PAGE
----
Complete Guide > Models

Introduction to Models

The key to using EpochX is in the use of models. Models are the programmatic equivalent to the parameter files of many GP systems. A model defines the parameter settings and the fitness function for the evaluation of a candidate solution, as well as providing the means to execute itself.

Control Parameters

The abstract Model class provides facility to handle all the general evolutionary parameters such as population size, or the number of generations to be performed. Representation specific abstract classes inherit from this class to support those parameters that are unique to that representation. For example, the GEModel class includes parameters for limiting the number of codons in a chromosome, which would make little sense for either of the GPModel or GRModel classes.

All components reload parameters from the model at 3 points during execution - at the start of execution, before every run, and before every generation commences. It is an assumption of the framework that changes to a model's settings will not occur any more frequently than this. Each component and operator is responsible for updating its own settings at the necessary times. Therefore, when designing a new plug-in operator it is a choice for the developer to decide whether to implement this feature. All built-in components and operators do support this updating.

Each of the model classes define a range of public mutator methods for setting the value of a parameter and a matching accessor method for retrieving the currently set parameter value. For full listings of these methods see the appropriate JavaDoc.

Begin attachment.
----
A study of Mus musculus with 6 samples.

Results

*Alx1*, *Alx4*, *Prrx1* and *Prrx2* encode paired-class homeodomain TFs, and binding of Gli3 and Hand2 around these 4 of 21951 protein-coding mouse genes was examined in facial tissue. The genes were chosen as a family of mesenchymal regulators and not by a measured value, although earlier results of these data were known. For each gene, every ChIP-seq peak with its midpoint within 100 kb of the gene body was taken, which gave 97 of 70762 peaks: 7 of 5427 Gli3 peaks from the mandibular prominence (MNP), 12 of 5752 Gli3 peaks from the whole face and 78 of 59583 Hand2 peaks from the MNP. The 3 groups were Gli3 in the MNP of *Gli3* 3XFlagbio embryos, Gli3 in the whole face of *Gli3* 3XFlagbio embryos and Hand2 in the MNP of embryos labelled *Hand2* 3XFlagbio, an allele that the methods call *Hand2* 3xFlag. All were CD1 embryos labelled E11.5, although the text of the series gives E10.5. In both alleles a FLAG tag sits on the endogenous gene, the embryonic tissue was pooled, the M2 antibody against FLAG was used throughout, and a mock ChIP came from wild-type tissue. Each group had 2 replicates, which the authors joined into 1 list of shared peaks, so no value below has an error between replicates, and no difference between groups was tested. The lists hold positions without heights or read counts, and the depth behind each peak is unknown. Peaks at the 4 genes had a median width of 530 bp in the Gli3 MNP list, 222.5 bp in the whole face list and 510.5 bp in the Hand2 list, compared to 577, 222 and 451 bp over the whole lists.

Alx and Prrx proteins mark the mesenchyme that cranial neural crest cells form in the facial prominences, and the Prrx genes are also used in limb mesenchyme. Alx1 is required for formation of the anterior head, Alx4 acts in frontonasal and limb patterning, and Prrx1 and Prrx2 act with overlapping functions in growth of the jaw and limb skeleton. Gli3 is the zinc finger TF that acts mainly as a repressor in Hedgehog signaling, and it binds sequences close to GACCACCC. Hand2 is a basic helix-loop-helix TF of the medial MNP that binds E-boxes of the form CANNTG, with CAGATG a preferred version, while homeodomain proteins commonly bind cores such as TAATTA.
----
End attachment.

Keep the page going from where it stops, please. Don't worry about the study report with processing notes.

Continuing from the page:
Fitness Function

In any evolutionary algorithm, the fitness function indirectly defines the problem to be solved by providing a quantifiable measure of how good a solution is towards solving that problem. Each EpochX model must provide a fitness function by implementing the getFitness(CandidateProgram) method. The method must calculate and return a fitness score for the given CandidateProgram. EpochX's evolutionary algorithm relies on standardised fitness scores, so it is important that the method returns a lower value for a good solution than for a bad one. Negative fitness values are perfectly acceptable, and will be considered to be more fit than any positive fitness.

Executing Models

As well as providing all the control parameters, the model is also the entry point for an evolutionary run. Every model inherits a method called 'run' which upon being called on an instance of a model, will transfer the thread of control over to the EpochX framework to perform the evolutionary runs requested. If desired, control can be passed back to your application at specific points of a run (see details of the Life Cycle for information concerning this).

Benchmark Models

A number of models come built-in to EpochX, which allow easy execution of the common benchmark problems. These models do not define 'good' parameters, since it is open to debate what parameters would be the right parameters to set. Instead these models simply define the basic problem, providing the problem specific fitness function, and leaving the choice of the best parameter settings to the user.

The following models are provided for XGP and for both XGR and XGE in each of the Java, Ruby, Groovy and Epox languages.

  • Santa Fe ant trail
  • Los Altos Hills ant trail
  • John Muir ant trail
  • Cubic Regression (x + x2 + x3)
  • Quartic Regression (x + x2 + x3 + x4)
  • Sextic Regression (x6 - 2x4 + x2)
  • Multiplexer (any number of inputs)
  • Majority (any number of inputs)
  • Even Parity (any number of inputs)

Implementing a New Problem Model

If you wish to evolve programs to solve a problem other than one of the benchmark problems that models are provided for, then you must implement a new Model. This is done by writing a new Java class that extends one of GPModel, GRModel or GEModel, depending on which of the representations it is for - STGP, CFG-GP or GE respectively. This process is not difficult but will be described thoroughly in a separate tutorial.